Visit our foundation to give a gift.
View Locations Near Me
Main Campus – Hartford
Connecticut Children’s – Waterbury
Urgent Care – Farmington
Specialty Care Center – Danbury
Connecticut Children’s Surgery Center at Farmington
Specialty Care Center – Fairfield
Search All Locations
Find a doctor
Find A Doctor
Request an Appointment
Amenities and Services
Who’s Who on Care Team
Getting Ready for Surgery
What to Expect—Picture Stories
Pay a Bill
Understanding the Different Fees
Pricing Transparency and Estimates
Raytheon Technologies Family Resource Center
Family Advisory Council
Legal Advocacy: Benefits, Education, Housing
Electronic Health Records
Share Your Story
Pay a Bill
Login to MyChart
Clinical Support Services Referrals
About the Network
Join the Network
Graduate Medical Education
Continuing Medical Education
MOC/Practice Quality Improvement
Educating Practices in the Community (EPIC)
Learning & Performance
Meet our Physician Relations Team
Request Medical Records
Join our Referring Provider Advisory Board
View our Physician Callback Standards
Read & Subscribe to Medical News
Register for Email Updates
Update Your Practice Information
Refer a Patient
Find and Print Health Info
Health Information For Kids
No one can say exactly when you’ll get your first menstrual period, but it will be sometime during puberty. Puberty is the time in your life when you begin to become an adult. This means a lot of growing and changing — both inside and out.
Some girls start puberty at age 8, and others may start as late as 13 or 14. Each girl goes at her own pace. So don’t think you’re weird if you start puberty a little earlier or a little later than your friends.
At the beginning of puberty, you’ll notice that your breasts are developing and hair will start to grow on your genitals (pubic hair). A little later, hair also will grow under your arms.
For most girls, their first menstrual period, or menarche (say: MEH-nar-kee), begins about 2 years after she first starts to get breasts. For most girls this is around age 12. But it can be as early as age 8 or as late as 15. Talk to your doctor if your period started before age 8 or you are 15 and haven’t started your period.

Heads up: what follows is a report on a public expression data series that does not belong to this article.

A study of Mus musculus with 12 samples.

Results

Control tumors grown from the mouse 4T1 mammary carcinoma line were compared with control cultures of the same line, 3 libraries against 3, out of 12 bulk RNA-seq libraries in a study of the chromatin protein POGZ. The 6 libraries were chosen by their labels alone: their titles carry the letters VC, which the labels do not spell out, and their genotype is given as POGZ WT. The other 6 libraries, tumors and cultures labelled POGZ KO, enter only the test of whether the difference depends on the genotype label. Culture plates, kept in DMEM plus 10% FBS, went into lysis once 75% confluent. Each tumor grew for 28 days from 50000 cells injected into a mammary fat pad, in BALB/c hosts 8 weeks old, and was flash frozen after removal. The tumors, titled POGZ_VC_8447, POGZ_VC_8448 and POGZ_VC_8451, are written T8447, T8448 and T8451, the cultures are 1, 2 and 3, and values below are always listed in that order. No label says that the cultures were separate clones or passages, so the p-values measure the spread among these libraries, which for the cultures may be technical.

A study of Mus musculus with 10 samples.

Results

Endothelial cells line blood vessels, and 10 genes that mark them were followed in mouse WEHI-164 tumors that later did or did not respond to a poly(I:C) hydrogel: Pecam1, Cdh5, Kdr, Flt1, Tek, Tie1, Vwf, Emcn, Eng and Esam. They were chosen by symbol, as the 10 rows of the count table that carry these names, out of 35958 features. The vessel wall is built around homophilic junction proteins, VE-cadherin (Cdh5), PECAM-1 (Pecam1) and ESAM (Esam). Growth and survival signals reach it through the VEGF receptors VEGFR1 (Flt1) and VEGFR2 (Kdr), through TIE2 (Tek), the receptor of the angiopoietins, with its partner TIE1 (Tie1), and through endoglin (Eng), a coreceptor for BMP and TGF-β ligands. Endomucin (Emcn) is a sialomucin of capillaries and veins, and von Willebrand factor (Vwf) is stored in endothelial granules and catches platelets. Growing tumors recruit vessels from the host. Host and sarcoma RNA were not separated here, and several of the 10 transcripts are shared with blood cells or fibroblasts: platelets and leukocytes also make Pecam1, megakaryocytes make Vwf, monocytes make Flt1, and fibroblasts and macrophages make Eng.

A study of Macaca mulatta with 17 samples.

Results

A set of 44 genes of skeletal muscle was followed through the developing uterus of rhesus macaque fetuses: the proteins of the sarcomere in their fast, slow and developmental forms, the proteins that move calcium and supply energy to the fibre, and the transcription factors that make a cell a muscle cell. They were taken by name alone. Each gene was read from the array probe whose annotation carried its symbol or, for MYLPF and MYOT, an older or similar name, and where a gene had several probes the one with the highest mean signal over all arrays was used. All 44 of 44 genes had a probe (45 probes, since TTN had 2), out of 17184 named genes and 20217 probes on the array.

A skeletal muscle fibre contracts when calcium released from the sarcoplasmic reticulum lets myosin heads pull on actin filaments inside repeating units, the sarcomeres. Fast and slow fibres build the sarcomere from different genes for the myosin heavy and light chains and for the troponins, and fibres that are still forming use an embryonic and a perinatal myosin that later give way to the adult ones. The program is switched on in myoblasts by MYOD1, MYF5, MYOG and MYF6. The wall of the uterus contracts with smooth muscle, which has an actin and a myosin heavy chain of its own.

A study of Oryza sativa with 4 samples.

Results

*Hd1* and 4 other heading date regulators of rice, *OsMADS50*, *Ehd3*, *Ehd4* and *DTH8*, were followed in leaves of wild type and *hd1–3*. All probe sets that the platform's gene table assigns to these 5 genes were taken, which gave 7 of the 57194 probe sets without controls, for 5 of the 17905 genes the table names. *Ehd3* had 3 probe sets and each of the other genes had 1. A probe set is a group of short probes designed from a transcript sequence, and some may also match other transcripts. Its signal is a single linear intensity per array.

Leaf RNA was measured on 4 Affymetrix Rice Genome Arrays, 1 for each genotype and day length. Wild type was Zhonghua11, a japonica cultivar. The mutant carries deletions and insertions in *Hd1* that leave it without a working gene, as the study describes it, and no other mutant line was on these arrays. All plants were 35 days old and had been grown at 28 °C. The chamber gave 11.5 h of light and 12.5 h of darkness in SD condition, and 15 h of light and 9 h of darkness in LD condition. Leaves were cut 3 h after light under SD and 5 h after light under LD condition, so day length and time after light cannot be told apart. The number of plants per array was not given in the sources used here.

A good sign you’re getting close to the time when your first period will arrive is if you notice a discharge coming from your vagina. It might be thin and slightly sticky or thick and gooey, and can be clear to white or off-white in color. Usually, this happens about 6 months before you get your first period.
If you think you’re getting close to your first period, it might make you more comfortable to be ready. Put a pad and change of underwear in your backpack or purse in case your period comes when you aren’t at home.
Are you thinking a lot about when your first period will come? You’re not alone. Lots of girls wonder and wonder — when will it come? If you feel a little worried or nervous about getting your period, it can help to talk to someone you trust, like your doctor, mom or older sister.
Girls have lots of questions about periods. Here are five good ones – and the all-important answers!
Getting a period is a natural part of becoming a woman. Find out more in this article for kids.
When a girl gets her period, she’ll need some supplies. Find out more in this article for kids.
Cramps can put a crimp in a girl’s daily routine. Find out what period cramps are and how to handle them.
Lots of girls worry what to do if they get their periods at school. Find out more in this article for kids.
Find out the answer to this personal question!
When you’re growing up, lots of changes happen and everyone wonders: Am I normal?
Voice cracking? Clothes don’t fit? Puberty can be a confusing time, but learning about it doesn’t have to be. Read all about it in this article for kids.
Note: All information is for educational purposes only. For specific medical advice, diagnoses, and treatment, consult your doctor.
© 1995-2020 KidsHealth®. All rights reserved.
Images provided by The Nemours Foundation, iStock, Getty Images, Veer, Shutterstock, and Clipart.com.